More Decoupling as Trump Threatens to Cut US China Relations

The coronavirus pandemic has worsened already badly frayed China US relations. “This is worse than Pearl Harbor” or 9/11, President Trump said of America’s “worst attack”, that “could have been stopped in China.” “We could cut off the whole relationship,” he later threatened. Beijing aimed most fire at Secretary of State Pompeo, who changed tack to admit Covid-19 may not have come from a Wuhan lab. This article is a summary of important China US news in May 2020.

Beijing’s new security law means Hong Kong no longer warrants special treatment under US law, declared Pompeo, and Trump could within days issue an executive order on wide-ranging economic penalties against Hong Kong and China. The US House of Representatives approved legislation calling for sanctions on Chinese officials responsible for oppression of Uighur Muslims. 

In the latest push towards financial decoupling, the US Senate passed a bill that could force some Chinese companies to de-list from US exchanges. Baidu, China’s leading search engine, is now considering its options over its Nasdaq listing. London may benefit, as China resumes vetting applications by companies seeking to list there.

A new White House strategy paper on China accused the PRC of posing “numerous challenges to United States national interests.” The tech cold war continued, with China finalising a new US$1.4tn plan to seize the world’s tech crown from the USA. Huawei CFO Meng Wanzhou lost a Canadian court fight in her battle to avoid extradition to the USA.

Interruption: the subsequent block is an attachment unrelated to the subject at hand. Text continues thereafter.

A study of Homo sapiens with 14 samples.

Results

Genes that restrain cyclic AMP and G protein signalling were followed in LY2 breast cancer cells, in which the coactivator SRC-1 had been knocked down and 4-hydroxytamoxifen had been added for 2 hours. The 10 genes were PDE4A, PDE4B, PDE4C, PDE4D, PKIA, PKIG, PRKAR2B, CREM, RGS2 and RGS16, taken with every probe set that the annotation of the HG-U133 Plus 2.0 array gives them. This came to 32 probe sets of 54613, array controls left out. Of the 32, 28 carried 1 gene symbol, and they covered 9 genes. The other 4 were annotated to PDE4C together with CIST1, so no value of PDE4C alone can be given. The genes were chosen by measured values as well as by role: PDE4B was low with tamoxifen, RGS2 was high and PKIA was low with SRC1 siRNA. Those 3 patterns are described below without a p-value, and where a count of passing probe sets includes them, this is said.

US senators promised legislation to impose sanctions on Chinese officials for violating Hong Kong’s independence. In a sign of phase one trade deal progress, Beijing approved a wider range of American agricultural products for import. China has actually been increasing purchases of US soybeans, and other farm goods, but decoupling continued as Trump extended an executive order aimed at Huawei to guard the US telecoms supply chain and moved a federal employees’ fund away from investing in Chinese stocks.

The PLA expelled a US warship that “trespassed into Chinese territorial waters off the Xisha Islands,” said China, whose top defence official warned that strategic confrontation has entered a high-risk period. China’s foreign minister defended its combative “wolf warrior” diplomacy. China must strengthen its nuclear arsenal, experts told the Global Times. “Over the past decade, in US war games against China, the United States has a nearly perfect record: We have lost almost every single time,” warned a new book.

The CIA believes China tried to prevent the WHO from sounding the alarm on the outbreak in January, reported Newsweek. China’s state media called out US “tricks” to shift blame onto China

Trump threatened to terminate the phase one trade deal if China fails to fulfil its promise to buy US$200bn more in American goods and services. The White House and Capitol Hill look to match anti-Beijing rhetoric with steps to curb supply chains and investment flows, reported the FT. But top trade negotiators spoke, vowing to continue to support the deal.

The US is rearming – with new weapons and strategy – to counter China’s advantage in land-based cruise and ballistic missiles. China’s new generation supersonic stealth bomber – expected to double the country’s strike range – could debut in November. Deputy National Security Advisor Matt Pottinger gave a provocative speech in Chinese praising the heirs of China’s May Fourth 1919 pro-democracy movement in China, namely Li Wenliang, the Covid-19 whistle-blower and victim. The Foreign Ministry said Pottinger was wrong and should mind his own business.